Lawmakers are considering a resolution that makes a declaration about the problem of racism.
Racism isn't just something in the history books plaguing the earliest days of Virginia history or even the dark days of massive resistance to segregation. It's also a public health crisis. That's the sentiment at the heart of a resolution passed by the House now under consideration in the Senate.
The governor's chief diversity officer, Janice Underwood, says slavery, Jim Crow and segregation have long plagued Virginia.
"These and so many other symptoms of racism," Underwood says. "A public health crisis, now much more nebulous, more like James Crow, Esquire, became undeniable in the current twin pandemic of COVID-19 and racial injustice where we all witness the disparate impacts of racism and the coronavirus on all people of color."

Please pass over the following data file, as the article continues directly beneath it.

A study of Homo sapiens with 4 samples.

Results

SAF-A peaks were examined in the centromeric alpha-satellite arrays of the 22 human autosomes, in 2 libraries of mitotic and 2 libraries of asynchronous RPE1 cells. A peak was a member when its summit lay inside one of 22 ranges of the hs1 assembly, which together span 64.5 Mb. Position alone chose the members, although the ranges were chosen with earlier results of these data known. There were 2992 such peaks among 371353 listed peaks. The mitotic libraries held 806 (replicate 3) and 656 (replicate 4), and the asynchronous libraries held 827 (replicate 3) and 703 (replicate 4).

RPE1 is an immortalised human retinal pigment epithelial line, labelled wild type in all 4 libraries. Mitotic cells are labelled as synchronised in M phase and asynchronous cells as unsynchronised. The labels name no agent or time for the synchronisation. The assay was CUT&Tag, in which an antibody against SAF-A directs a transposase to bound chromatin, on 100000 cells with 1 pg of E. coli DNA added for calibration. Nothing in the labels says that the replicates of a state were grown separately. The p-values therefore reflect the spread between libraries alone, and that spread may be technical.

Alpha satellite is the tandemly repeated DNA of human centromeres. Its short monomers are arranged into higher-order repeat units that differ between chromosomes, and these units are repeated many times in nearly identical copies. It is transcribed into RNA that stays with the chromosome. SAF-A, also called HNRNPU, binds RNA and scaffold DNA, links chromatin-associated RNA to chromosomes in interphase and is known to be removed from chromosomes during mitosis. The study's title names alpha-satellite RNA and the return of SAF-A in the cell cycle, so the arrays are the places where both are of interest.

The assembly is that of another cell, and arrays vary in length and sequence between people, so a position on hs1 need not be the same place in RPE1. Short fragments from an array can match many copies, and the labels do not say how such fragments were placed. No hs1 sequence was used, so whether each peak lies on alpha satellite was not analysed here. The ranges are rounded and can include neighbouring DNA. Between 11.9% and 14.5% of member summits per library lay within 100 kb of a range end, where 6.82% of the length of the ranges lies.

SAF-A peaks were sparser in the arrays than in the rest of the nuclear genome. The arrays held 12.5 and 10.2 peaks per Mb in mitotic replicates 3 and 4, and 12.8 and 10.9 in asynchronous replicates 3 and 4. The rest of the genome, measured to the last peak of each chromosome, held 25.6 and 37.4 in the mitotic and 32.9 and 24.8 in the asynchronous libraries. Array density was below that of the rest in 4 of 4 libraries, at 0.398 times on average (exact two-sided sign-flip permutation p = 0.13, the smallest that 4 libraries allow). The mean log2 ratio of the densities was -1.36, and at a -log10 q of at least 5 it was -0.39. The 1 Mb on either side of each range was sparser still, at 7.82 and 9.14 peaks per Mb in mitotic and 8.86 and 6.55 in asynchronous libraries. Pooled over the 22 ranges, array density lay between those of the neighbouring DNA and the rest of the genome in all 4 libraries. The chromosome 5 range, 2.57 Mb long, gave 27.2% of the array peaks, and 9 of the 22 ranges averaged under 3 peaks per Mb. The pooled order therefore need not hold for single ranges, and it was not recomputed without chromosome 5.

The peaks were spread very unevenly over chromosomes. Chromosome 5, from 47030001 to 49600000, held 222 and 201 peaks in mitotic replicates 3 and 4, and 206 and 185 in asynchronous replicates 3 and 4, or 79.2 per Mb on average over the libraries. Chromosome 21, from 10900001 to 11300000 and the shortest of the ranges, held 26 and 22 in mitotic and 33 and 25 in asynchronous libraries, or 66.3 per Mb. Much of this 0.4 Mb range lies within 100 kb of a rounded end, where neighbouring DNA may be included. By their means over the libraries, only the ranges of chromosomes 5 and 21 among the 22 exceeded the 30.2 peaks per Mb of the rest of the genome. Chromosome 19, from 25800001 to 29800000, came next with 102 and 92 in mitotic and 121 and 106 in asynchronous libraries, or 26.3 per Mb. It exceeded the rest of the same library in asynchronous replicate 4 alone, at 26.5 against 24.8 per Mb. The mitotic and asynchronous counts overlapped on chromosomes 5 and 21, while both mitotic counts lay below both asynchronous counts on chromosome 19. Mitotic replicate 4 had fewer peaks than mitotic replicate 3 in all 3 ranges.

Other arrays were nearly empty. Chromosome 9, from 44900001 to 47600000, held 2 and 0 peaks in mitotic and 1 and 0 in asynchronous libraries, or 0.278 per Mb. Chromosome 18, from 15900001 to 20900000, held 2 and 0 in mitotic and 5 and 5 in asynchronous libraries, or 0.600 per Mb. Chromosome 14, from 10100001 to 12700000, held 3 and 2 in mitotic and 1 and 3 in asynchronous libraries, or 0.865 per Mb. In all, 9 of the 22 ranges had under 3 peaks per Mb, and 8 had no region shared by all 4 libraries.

The resolution was introduced by Delegate Lashrecse Aird, a Democrat from Petersburg, and it passed the House with an almost party-line vote. Only one Republican voted in favor.
"Many of the people I believe who are voting no, they think that they are voting to agree that they are racists. I know that just based on some of my conversations," Aird says. "Many people still do not understand the difference between racist acts, being a racist and what I am referencing, which is systemic racism."
Aird says she hopes declaring racism a public health crisis will be a first step toward training for elected officials, community engagement and an expanded charge for the Office of Health Equity.